Authenticity in Love & Life
A Blog by Elaine Barron, LCSW
A while back as I was reading the story of David in the Bible, I found myself noticing a biblical principle in how David handled an unsafe relationship. In the realm of Christian relationships, I have seen many Christian women putting up with risky, harmful situations under the guise of being submissive wives to husbands asserting their authority as “head of the house”.
The following is the story of how one who was under the authority of another, reacted when he was put in harm’s way by that authority figure.
There’s an epidemic going around these days I like to call “not enoughness”—the feeling that “I don’t measure up”. This is often accompanied by its emotional siblings—inadequacy, insignificance, and worthlessness. Early symptoms can be traced back to childhood. Grown men express, “ I never got my father’s approval.”
Women, too, express deficits when it comes to having received parental approval in their growing up years. When I think specifically about this epidemic, I wonder if the underlying unmet need is acceptance rather than approval.
The Good Housekeeping magazine has promoted the Good Housekeeping Seal of Approval since 1909. A company given this seal has been evaluated to be a company committed to a trustworthy standard of excellence. Approval thus becomes a product of an evaluation or judgment.
As a recovering co-dependent, I know what it’s like to feel the feelings of others more intensely than I feel my own. I had become an expert in pleasing others. It wasn’t until about ten years ago, I learned the value of having a strong sense of self. I also realized the disservice I had done to those I knew by not truly interacting with my authentic self. But how could I? When I didn’t know who I was.
When I first began my career as a counselor, I re-watched the 1999 movie, Runaway Bride, and saw it with new eyes. I always liked the movie, but I have come to see the movie as personifying the “Being Known” vision of my counseling practice.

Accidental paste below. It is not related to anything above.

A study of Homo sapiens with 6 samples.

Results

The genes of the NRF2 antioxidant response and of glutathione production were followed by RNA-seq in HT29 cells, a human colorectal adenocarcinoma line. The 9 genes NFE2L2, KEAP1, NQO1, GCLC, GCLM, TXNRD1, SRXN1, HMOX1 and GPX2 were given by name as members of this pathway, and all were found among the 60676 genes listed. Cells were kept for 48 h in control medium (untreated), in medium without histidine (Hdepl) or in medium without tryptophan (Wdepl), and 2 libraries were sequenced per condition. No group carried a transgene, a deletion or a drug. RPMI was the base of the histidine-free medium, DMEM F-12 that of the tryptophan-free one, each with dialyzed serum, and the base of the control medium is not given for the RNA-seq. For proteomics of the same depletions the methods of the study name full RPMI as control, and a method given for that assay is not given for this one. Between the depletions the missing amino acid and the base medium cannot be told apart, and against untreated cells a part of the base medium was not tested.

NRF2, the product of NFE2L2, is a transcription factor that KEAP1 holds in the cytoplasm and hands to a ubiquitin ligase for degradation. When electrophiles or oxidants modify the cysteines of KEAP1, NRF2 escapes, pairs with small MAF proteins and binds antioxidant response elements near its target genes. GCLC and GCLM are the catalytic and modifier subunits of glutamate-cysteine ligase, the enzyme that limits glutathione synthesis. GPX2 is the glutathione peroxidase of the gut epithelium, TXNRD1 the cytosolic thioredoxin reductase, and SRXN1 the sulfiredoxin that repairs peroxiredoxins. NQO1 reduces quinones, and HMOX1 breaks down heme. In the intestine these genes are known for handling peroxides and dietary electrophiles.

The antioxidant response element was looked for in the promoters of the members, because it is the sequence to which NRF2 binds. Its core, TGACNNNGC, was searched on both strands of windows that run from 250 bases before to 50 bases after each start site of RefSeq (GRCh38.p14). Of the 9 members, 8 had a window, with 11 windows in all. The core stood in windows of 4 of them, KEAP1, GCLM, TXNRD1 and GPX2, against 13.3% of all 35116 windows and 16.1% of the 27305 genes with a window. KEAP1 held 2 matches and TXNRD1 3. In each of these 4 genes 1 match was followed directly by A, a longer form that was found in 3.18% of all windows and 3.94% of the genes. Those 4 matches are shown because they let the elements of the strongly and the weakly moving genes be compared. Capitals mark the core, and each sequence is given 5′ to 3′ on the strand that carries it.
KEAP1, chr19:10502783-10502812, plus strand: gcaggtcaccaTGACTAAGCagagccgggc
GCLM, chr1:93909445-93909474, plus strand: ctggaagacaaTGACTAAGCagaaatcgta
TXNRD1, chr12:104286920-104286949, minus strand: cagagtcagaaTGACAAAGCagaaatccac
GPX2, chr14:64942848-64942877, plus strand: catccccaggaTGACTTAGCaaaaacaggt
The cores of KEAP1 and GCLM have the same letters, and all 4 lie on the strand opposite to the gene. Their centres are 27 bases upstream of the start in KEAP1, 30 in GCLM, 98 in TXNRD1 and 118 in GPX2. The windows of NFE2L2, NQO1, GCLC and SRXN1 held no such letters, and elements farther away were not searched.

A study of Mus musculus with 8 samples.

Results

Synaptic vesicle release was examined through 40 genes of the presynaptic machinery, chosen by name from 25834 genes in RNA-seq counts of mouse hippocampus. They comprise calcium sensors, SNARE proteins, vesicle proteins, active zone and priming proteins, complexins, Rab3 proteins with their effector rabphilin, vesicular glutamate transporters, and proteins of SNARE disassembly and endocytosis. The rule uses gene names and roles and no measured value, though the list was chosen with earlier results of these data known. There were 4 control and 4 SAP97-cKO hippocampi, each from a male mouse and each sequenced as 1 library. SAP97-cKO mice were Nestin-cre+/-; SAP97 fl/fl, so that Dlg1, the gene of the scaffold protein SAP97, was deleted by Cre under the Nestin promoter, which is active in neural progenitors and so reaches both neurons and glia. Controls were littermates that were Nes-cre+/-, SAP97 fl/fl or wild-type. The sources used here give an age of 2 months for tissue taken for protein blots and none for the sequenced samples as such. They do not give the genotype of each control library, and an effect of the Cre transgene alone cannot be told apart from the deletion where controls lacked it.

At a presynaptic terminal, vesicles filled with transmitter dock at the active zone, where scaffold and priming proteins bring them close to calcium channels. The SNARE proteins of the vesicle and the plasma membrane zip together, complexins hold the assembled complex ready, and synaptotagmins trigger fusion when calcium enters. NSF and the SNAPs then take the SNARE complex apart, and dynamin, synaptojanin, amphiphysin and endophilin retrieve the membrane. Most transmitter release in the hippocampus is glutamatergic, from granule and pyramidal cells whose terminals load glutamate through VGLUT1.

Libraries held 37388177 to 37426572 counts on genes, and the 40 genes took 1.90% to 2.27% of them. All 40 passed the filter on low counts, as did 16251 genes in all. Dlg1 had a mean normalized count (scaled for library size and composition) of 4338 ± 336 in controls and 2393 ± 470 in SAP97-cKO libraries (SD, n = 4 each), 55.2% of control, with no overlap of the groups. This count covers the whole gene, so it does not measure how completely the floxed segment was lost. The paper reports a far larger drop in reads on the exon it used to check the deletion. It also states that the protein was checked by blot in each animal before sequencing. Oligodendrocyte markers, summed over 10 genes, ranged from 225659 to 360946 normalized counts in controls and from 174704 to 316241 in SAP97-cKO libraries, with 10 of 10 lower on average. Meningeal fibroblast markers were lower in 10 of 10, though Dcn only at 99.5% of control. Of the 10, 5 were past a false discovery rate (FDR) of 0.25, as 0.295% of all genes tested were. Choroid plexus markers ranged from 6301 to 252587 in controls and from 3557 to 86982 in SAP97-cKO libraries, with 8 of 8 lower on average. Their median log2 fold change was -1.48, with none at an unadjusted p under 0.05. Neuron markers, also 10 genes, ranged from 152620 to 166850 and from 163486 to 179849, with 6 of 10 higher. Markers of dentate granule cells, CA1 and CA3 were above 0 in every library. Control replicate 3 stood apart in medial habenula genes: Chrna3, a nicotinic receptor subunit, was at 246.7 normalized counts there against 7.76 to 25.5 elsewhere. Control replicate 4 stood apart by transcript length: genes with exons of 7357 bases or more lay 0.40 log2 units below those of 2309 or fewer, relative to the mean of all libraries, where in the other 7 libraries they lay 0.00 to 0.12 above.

Becoming more emotionally aware of one’s own feelings is one of the first steps to becoming known. Many people seem to be on a quest for happiness, not realizing the importance of identifying and experiencing the many other feelings that pass through our “self” on any given day. A few years ago the cartoon movie, “Inside Out”, came out and though it was supposedly a kids’ movie, I found myself identifying many lessons adults can learn about the unseen element of our emotions.
A few years ago, Clay Scroggins, brought a message at North Point Community Church entitled "The Empathy Lens" as part of a series called "Bad Blood". He referenced Romans 12: 18--"If it is possible, as far as it depends on you, live at peace with everyone.” He talked about how a professional golfer not only analyzes a putt from the putter’s side of the hole but also gets the perspective from the other side of the hole. Likewise, when making peace in a relational conflict, it is imperative to view the conflict from the other person’s side. Clay referred to Brene Brown’s TED talk in which she listed the following four qualities of empathy: 1. Taking on the other’s perspective as truth 2. Suspending your judgment 3. Recognizing their emotion 4. Communicating that emotion
Having many positive experience together as a couple can help overcome the many obstacles that can sometimes leave a couple wondering if this relationship is worth the effort
Elaine Barron is a psychotherapist in Alpharetta, Georgia who is also a Christ follower. She has experienced much in her life that was necessarily the way she would have chosen, but sees those struggles as opportunities for growth and healing, desiring to share with others what she has learned "so far".